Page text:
15 Feb 2014 05:19 GMT | Africa
Niger's government has extradited Abdallah Mansour, a former top Libyan intelligence official under the Gaddafi regime, to Libya on suspicion of plotting against the government in Tripoli, military sources told the Reuters news agency.
Mansour was among a number of senior members of toppled President Muammar Gaddafi's government who fled to neighbouring Niger in 2011 as rebels seized control of the oil-rich North African nation.
"Mansour was extradited yesterday to Tripoli. He was arrested and interrogated by the gendarmerie as part of an enquiry into whether he was plotting against the government in Tripoli," a military official told Reuters on condition of anonymity.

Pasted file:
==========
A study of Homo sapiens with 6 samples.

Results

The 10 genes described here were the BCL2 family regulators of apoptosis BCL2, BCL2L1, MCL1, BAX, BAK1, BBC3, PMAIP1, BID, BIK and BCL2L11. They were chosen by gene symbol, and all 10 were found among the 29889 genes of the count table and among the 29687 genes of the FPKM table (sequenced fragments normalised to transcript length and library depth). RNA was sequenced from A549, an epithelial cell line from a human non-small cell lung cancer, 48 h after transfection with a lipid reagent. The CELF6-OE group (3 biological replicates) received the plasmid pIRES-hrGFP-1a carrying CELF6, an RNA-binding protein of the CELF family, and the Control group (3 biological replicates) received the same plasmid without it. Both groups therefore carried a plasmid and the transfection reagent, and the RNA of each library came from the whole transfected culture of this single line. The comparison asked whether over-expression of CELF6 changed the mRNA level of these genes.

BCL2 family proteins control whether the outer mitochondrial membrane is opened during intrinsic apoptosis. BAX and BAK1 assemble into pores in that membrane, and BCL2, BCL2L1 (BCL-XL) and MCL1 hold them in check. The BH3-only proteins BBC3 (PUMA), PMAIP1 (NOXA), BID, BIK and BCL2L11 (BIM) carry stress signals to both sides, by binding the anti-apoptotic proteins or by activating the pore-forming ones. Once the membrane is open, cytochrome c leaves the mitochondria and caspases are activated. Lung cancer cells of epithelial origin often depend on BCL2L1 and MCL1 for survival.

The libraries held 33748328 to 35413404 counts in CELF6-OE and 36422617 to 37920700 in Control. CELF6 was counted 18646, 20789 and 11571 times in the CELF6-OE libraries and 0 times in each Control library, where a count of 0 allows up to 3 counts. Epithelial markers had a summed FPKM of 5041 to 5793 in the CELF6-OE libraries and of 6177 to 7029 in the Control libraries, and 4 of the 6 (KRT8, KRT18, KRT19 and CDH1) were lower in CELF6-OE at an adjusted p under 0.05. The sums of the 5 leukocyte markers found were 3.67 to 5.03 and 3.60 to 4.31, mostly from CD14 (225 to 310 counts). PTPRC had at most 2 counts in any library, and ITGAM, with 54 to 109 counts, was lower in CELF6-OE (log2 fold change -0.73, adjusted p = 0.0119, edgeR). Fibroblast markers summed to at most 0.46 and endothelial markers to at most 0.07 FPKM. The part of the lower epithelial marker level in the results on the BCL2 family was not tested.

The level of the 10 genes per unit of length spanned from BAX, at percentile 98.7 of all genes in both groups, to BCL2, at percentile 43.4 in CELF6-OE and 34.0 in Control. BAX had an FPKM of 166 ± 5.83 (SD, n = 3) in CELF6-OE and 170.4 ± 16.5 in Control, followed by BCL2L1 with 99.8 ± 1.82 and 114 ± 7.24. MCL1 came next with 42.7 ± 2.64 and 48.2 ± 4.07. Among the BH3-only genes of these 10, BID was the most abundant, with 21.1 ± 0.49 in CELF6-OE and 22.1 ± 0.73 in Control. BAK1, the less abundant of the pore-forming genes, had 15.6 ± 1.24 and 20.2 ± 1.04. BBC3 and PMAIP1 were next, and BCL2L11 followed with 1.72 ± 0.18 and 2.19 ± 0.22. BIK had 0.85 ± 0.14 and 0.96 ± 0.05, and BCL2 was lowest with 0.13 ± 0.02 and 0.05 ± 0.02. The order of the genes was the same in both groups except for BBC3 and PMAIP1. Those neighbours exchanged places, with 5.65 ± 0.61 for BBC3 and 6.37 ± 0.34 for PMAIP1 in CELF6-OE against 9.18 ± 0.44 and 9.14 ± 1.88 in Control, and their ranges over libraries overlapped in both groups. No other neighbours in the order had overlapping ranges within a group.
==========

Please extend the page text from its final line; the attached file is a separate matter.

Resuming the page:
Niger had resisted calls from Libya to extradite Gaddafi's son, Saadi, who also fled in 2011.
Libyan Prime Minister Ali Zeidan said on Friday the government was safe and security was under control, dismissing a statement by a senior army official calling for the parliament to be suspended and the armed forces to "rescue" the country.
A second military source in Niger, who also asked not to be named, told Reuters that authorities there had found evidence Mansour was plotting "subversive acts" in Libya following a tip-off from Tripoli.
"Tripoli's accusations were solid and authorities have informed other supporters of Gaddafi in Niger that they should remain calm," the second source said.
Nearly three years after Gaddafi's fall, Libya's government remains fragile. It has yet to draft a new constitution and its armed forces have been unable to impose their authority on the brigades of former revolutionary fighters who refuse to disarm.